Most Americans receive an annual radiation dose of about 0.62 rem, just by going about their lives. Despite what Hollywood might tell you, radiation is a ubiquitous and — in small enough doses — pretty harmless fact of life for the vast majority of us.
But still, if that small annual dose we all get doesn’t hurt, how much radiation is lethal? How much radiation can humans be exposed to before things get dicey? Is it possible for radiation in cell phones and every day radiation to build up enough to do damage?
You’ve come to the right place. For the answers to all these questions and more, just keep reading!
What Are the Different Sources of Radiation?
Radiation is all around us. While the term itself might conjure images of mushroom clouds and nuclear disasters, the truth is you could probably reach out and touch a radiation source right this second.
For example, the gadgets you use every day all emit some low level of radiation. Cell phones, clocks, watches, lamps, and smoke detectors (which actually work because they contain a radioactive element) all kick out some harmless level of radiation. A good portion of that 0.62 rem we mentioned up top can be traced back to these kinds of gadgets.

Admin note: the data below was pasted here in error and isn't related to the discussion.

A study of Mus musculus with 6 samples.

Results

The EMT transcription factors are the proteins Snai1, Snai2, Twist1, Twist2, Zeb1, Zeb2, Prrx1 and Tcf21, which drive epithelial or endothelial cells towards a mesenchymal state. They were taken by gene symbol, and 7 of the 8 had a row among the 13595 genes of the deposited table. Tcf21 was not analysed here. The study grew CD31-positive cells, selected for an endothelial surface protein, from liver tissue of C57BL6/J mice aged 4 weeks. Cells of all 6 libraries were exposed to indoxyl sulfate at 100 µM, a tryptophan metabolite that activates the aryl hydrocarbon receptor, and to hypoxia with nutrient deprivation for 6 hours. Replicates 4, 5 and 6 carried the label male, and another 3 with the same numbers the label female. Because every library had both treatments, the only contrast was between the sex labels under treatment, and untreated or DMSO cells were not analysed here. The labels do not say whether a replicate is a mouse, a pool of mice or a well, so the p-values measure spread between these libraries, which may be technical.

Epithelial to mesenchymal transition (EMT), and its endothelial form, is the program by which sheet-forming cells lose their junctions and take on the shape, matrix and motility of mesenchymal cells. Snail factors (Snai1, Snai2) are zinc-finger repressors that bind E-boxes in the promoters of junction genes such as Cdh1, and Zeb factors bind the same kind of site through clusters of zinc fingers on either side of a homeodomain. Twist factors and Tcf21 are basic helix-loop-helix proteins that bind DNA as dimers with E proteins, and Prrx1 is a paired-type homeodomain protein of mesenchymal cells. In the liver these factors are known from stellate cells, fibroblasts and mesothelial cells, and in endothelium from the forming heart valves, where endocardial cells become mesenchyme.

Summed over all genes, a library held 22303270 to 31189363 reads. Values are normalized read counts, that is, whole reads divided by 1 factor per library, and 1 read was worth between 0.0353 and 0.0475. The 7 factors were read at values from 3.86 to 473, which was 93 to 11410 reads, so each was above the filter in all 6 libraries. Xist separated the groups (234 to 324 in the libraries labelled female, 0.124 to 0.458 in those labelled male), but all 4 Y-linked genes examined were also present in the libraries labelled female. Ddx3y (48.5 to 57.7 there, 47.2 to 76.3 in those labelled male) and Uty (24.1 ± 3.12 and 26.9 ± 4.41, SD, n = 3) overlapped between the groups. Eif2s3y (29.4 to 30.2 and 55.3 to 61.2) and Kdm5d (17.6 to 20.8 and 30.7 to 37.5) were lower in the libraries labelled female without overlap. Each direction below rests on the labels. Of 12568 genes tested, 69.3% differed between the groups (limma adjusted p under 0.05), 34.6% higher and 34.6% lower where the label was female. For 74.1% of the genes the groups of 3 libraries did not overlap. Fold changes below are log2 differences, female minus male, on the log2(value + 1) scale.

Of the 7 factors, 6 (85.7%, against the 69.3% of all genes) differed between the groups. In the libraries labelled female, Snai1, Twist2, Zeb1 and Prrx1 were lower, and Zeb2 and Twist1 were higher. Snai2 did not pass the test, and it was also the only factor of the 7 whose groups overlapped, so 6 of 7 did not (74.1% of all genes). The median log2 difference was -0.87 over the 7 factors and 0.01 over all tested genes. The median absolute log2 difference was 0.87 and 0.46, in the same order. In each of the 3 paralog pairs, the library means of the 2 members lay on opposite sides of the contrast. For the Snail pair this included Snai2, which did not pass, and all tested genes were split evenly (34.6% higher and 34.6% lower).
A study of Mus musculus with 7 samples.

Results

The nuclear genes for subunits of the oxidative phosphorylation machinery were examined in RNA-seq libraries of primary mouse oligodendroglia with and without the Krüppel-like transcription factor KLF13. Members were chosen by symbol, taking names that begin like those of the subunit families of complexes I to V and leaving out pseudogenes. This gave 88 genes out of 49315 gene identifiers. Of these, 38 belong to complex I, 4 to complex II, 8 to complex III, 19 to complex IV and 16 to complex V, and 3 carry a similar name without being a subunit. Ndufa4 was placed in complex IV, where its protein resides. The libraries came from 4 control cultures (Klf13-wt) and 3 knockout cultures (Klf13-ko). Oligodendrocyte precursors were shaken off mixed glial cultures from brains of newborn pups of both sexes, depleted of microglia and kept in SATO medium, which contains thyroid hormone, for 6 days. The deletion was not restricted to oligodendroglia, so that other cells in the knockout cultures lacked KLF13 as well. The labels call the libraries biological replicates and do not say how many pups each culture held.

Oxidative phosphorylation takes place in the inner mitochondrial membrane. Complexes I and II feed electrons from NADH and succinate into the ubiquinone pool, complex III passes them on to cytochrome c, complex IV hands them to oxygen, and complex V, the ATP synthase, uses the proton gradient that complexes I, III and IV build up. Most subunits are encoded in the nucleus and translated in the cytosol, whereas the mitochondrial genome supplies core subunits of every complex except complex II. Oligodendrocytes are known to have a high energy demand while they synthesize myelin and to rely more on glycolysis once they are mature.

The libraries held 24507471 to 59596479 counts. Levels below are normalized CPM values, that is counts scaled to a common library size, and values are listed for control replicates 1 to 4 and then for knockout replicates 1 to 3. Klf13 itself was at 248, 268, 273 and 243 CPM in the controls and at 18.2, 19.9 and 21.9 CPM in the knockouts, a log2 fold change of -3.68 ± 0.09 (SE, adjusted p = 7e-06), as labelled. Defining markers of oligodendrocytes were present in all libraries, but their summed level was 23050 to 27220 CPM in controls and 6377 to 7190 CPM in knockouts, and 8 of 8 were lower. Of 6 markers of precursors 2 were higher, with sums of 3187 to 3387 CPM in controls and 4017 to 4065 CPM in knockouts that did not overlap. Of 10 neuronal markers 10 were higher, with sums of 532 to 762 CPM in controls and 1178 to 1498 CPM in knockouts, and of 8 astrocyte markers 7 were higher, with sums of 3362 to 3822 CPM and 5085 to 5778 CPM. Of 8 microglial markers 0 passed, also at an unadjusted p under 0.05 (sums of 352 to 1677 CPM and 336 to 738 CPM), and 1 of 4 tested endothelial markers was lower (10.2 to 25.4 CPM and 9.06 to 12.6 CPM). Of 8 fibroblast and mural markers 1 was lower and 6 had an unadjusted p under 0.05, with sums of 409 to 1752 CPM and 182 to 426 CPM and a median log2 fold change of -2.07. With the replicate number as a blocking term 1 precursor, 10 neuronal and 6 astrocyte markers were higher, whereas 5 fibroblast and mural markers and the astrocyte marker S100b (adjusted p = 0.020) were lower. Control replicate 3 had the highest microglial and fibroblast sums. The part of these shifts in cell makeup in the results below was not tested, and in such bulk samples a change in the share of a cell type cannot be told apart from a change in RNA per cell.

But that’s not all. Even your tap water contains traces of radiation. That’s because it’s sourced from lakes and rivers that flow across endless layers of rocks and soil. Rocks and soil are another source of, you guessed it, radiation. It seeps out of the soil, into the water, and out of your taps!
If you were so inclined, you could buy trifield meter tools and go hunting for these benign sources of radiation yourself!
So How Much Radiation is Lethal and How Do I Avoid It?
Put simply, a dose of 400 to 450 rem received over a very short time will be enough to kill about 50% of people. When you consider that your average annual dose of radiation is 0.62 rem, you’ll start to realize how catastrophically unlucky you’d have to be to receive a lethal dose.
Still, in the unlikely event you need to worry about how radiation doses, remember three things: time, distance, and shielding. By spreading your exposure over a long period of time, increasing your distance from the source, and putting shielding between you and the radioactive material, you will reduce your risk of lethal exposure by a lot.
Chance of Superpowers: Low
So there you have it, now you know how much radiation is lethal and how to protect yourself against it. Whether you’re a worker in a radiation-heavy industry or a curious onlooker, we hope you’ve learned some key facts that will serve you well down the road.
But don’t go throwing your mobile phone away because someone said it’s a source of radiation!